BID-Plymouth is the first hospital in the BIDMC network to receive the new stroke service
Residents on the South Shore and Cape Cod now have lifesaving access to Beth Israel Deaconess Medical Center-based stroke specialists via the 24/7 TeleNet Stroke service available in the Emergency Department of Beth Israel Deaconess Hospital-Plymouth.
BID-Plymouth is the first hospital in BIDMC’s network of hospitals to implement this service.
“Our emergency department physicians and neurologists can now consult with stroke specialists at BIDMC in real-time using image-sharing technology and video conferencing, to assess patients who may be experiencing acute stroke, transient ischemic attacks or stroke-like conditions,” says BID-Plymouth Chief of Emergency Medicine Dr. Mark DeMatteo. “When a patient suffers a stroke, he or she loses an increasing number of brain cells as time passes,” adds Dr. DeMatteo. “This service can save time and, in many cases, may help to reduce the severity of one’s stroke or stroke-like symptoms.”
The BIDMC TeleNet Stroke service facilitates rapid diagnosis and triage so that patients with stroke or suspected stroke receive the most appropriate therapy in the most appropriate location as quickly as possible. Together, BIDMC and affiliated hospitals can improve stroke-related care and outcomes, with strong support for keeping suitable patients in their community hospitals. The stroke service keeps patients close to home with state-of-the-art treatment.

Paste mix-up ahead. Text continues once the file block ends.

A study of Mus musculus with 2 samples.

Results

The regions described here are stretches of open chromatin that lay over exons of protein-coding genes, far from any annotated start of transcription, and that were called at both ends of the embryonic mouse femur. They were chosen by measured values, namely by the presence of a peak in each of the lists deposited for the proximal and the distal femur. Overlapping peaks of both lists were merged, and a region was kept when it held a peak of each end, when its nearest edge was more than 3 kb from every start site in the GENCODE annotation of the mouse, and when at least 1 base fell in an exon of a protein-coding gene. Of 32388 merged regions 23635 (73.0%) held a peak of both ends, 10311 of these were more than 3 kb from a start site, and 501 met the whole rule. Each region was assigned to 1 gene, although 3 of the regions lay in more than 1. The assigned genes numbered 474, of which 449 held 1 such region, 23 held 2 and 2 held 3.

“People who live in and around Plymouth may now receive the very same level of care available in our flagship BIDMC facility in Boston,” says Magdy Selim, MD, co-director of the BIDMC Stroke Center. “By working together with local hospitals and physicians, patients receive care in their own community. At the discretion of the local treating physician, only those patients who would benefit from advanced therapy not available at the local hospital will be transferred to BIDMC.
Ischemic stroke occurs when a clot obstructs an artery which supplies blood to the brain. The oxygen-deprived brain cells begin to die at a rate of roughly two million per minute, and the longer the clot obstructs blood flow, the more serious the physiological impacts, such as impaired speech and paralysis. In many instances, the administration of a clot-dissolving drug, tissue plasminogen activator (tPA) can save the patient’s life or dramatically reduce the severity of the symptoms.
Think it’s a stroke? Act F-A-S-T
Where stroke is concerned, time is of the essence. Every second, brain cells can die with stroke. The sooner you recognize the signs and act, the more likely you are to minimize stroke’s effects.